Hospitals will have to fund community services to avoid costly readmissions of patients to hospital, health secretary Andrew Lansley has said.
The move will support the government’s policy of not paying hospitals for a second admission of a patient within 30 days of discharge.
Addressing patients at a health centre in Bromley by Bow in London yesterday, Lansley said: “The hospital tariff will be extended to reflect their responsibilities. The hospital will carry a budget for community services and care at home.”
Hospitals are currently paid a flat rate for each episode of care delivered. This is supposed to encourage efficiency in delivering care but Lansley said it created incentives to discharge people too early knowing the hospital would get paid a second fee if they needed to be admitted again.
Colin Angel, head of policy and communication at the United Kingdom Homecare Association, said he was pleased Lansley had recognised the vital role home care could play in keeping people safe after discharge and maintaining their condition during their recovery.
However, concerns were raised about the new policy’s compatibility within the longstanding policy of fining local authorities for delayed discharges from hospital that result from a lack of available social care services.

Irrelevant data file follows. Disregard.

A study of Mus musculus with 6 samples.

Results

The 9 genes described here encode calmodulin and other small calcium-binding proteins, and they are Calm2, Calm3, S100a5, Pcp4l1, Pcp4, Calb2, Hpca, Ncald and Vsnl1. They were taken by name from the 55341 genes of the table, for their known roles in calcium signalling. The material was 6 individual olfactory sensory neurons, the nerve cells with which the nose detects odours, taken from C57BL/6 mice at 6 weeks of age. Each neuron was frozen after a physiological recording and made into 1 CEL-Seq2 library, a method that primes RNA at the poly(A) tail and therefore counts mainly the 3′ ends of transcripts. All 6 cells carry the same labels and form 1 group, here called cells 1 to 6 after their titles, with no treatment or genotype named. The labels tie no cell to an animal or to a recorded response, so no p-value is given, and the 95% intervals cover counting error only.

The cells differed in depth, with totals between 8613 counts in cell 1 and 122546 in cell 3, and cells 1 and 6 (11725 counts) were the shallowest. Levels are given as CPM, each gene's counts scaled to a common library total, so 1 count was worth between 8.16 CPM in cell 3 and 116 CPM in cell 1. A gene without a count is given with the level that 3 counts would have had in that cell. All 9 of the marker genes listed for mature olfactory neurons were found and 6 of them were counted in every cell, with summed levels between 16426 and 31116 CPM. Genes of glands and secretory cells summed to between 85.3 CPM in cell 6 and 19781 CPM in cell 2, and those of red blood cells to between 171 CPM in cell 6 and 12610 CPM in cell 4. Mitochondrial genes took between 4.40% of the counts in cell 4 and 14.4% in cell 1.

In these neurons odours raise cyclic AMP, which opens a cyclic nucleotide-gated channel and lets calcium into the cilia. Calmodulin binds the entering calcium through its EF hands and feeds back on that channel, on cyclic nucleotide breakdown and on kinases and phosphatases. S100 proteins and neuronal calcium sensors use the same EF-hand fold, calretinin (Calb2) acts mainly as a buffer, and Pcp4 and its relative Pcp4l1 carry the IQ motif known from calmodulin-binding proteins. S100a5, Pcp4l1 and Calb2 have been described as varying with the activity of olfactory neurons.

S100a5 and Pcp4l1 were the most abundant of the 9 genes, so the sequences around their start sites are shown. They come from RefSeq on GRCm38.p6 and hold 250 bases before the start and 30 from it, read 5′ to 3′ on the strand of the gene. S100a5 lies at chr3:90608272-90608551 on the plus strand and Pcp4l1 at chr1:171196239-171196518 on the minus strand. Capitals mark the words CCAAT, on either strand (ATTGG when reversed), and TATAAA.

Helga Pile, Unison’s national officer for social services, said: “In hospitals, the double penalty of charging for readmissions, and charging for delayed discharges, have clearly not been properly thought through.”
Richard Jones, president of the Association of Directors of Adult Social Services, added: “Delayed discharge fines have had a range of effects some positive and some negative. On their own, outside shared responsibility for how we pool resources and shared risk, they are limited, just as this measure will be if it does not move systems towards increased collaboration.”
The number of hospital readmissions after 30 days has risen by 50% over the past 10 years according to the government.
Lansley said the present system of targets for early discharge created risks for patients and described community and acute care services as “disjointed”. He said: “We are sending a clear message to the NHS that patient care doesn’t end when they walk out of the hospital door. This will have the benefit of further integrating hospital and community services.”
He cited the integration of health and social care as one of his five priorities as secretary of state for health. However, he added that he did not see structural upheaval as a way of delivering better quality care.
The new system is expected to be in place from April 2011.